4 MINUTE READ
The power of big data is now easily accessible by companies of all sizes. As a result, many SMEs are changing their data strategies to deliver interactive, insight-driven, and visualised reports. This change in the market has caused a significant shift in expectations when it comes to hiring BI managers. They now need to be competent across an increasingly wide range of business and technical skills.
Key data trends
BI managers can’t afford complacency. They are now expected to keep coding well into their management years as this means problems can be spotted (and resolved) quicker ‘in the trenches’.
BI managers now need to be data evangelists too. It’s their responsibility to coach teams throughout the business on the benefits of using data to optimise decision making and workflows.
Data isn’t very helpful if it’s difficult to understand. In the past, only a handful of skilled employees could make sense of large data sets. But with the advent of visualisation platforms such as Qlikview and Tableau, data can now be understood by everyone. Virtually all SMEs are using these tools to transform complex data into attractive, interactive visualisations that convey a clear message. Proficiency with a range of different visualisation platforms is no longer a “nice to have”.
Data professionals can’t simply develop automated reports any more. They are now expected to be innovators. Analysts are now commonly required to offer suggestions for business change and present relevant insights to key stakeholders in the business.
Data in the cloud
Hybrid cloud strategies are fast becoming industry-standard. Many businesses now rely on cloud-based data warehouses such as Amazon’s Redshift to save on storage and maintenance costs, whilst creating a centralised data warehouse for BI.
Alternative data sources
Companies are now pulling data from the web, social media, and countless IoT devices to enable data managers to deliver richer, more impactful insights.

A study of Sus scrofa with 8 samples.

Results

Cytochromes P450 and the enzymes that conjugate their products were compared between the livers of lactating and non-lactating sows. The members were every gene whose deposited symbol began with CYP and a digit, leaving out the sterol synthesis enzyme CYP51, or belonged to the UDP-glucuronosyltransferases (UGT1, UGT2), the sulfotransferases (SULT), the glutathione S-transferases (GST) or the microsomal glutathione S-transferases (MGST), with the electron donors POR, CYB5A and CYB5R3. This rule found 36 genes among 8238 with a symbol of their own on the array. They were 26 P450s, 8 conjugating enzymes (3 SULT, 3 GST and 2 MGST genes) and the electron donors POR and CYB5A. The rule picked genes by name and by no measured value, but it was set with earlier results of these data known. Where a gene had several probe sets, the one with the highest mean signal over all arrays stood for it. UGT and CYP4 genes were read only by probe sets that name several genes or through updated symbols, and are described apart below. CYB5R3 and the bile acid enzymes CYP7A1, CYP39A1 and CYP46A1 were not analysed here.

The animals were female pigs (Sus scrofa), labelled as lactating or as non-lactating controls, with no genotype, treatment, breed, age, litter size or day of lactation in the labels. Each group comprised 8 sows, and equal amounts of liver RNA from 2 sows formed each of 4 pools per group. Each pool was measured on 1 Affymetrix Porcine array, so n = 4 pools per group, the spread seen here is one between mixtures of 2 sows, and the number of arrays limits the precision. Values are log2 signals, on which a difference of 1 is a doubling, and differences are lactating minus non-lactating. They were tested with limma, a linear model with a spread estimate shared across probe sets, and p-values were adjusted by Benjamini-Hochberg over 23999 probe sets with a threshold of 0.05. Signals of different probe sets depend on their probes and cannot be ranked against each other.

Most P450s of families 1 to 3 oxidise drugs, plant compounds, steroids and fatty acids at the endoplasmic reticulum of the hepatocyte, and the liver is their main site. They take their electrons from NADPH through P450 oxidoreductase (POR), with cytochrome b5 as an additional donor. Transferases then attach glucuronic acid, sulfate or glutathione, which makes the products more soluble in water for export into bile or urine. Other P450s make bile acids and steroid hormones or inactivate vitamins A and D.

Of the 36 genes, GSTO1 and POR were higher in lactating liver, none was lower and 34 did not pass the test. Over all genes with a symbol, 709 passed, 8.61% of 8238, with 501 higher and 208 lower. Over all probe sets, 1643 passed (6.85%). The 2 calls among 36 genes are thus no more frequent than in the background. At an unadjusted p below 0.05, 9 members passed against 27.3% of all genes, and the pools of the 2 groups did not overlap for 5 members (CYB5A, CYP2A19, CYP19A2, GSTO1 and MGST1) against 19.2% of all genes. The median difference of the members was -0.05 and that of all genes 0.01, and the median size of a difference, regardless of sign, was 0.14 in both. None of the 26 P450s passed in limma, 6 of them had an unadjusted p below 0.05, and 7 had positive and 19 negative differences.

A flexible approach to hiring
The future of the data field lies in an amalgamation of the trends listed above. However, there are very few companies that are performing optimally in all these areas. Most are doing well in some and poorly in others.
This has created a hiring problem in the data space. Only a handful of professionals have relevant experience in all the areas listed above. And those that do typically command hefty salaries that most SMEs can’t afford. Therefore, it’s important to be flexible with your hiring requirements. Don’t be too quick to dismiss candidates who are not ready made data managers on paper.
Focus your efforts on finding a bright, passionate candidate, who demonstrates a clear understanding of the changes happening within the data space. While they may not be experienced in all aspects of data, given time, they should be able to get up to speed in the areas they are lacking.
The pre-requisite for success: A blend of technical ability and business acumen
It’s easy to overlook the unique type of leadership skills required to succeed as a BI manager. To get the job done effectively, they must possess a blend of business acumen and technical ability. This is arguably the most important trait to consider when hiring a BI manager. If the candidate is well versed in both these areas they should be able to hit the ground running in the new role.
To bridge the perennial gap between business and IT groups, a BI manager must have a foot in both worlds. They must serve as an intermediary who can translate functional business goals into technical plans, and conversely technical constraints into business reality. As a result, an understanding of these two worlds and an ability to speak each of their languages is the sine non qua of BI management.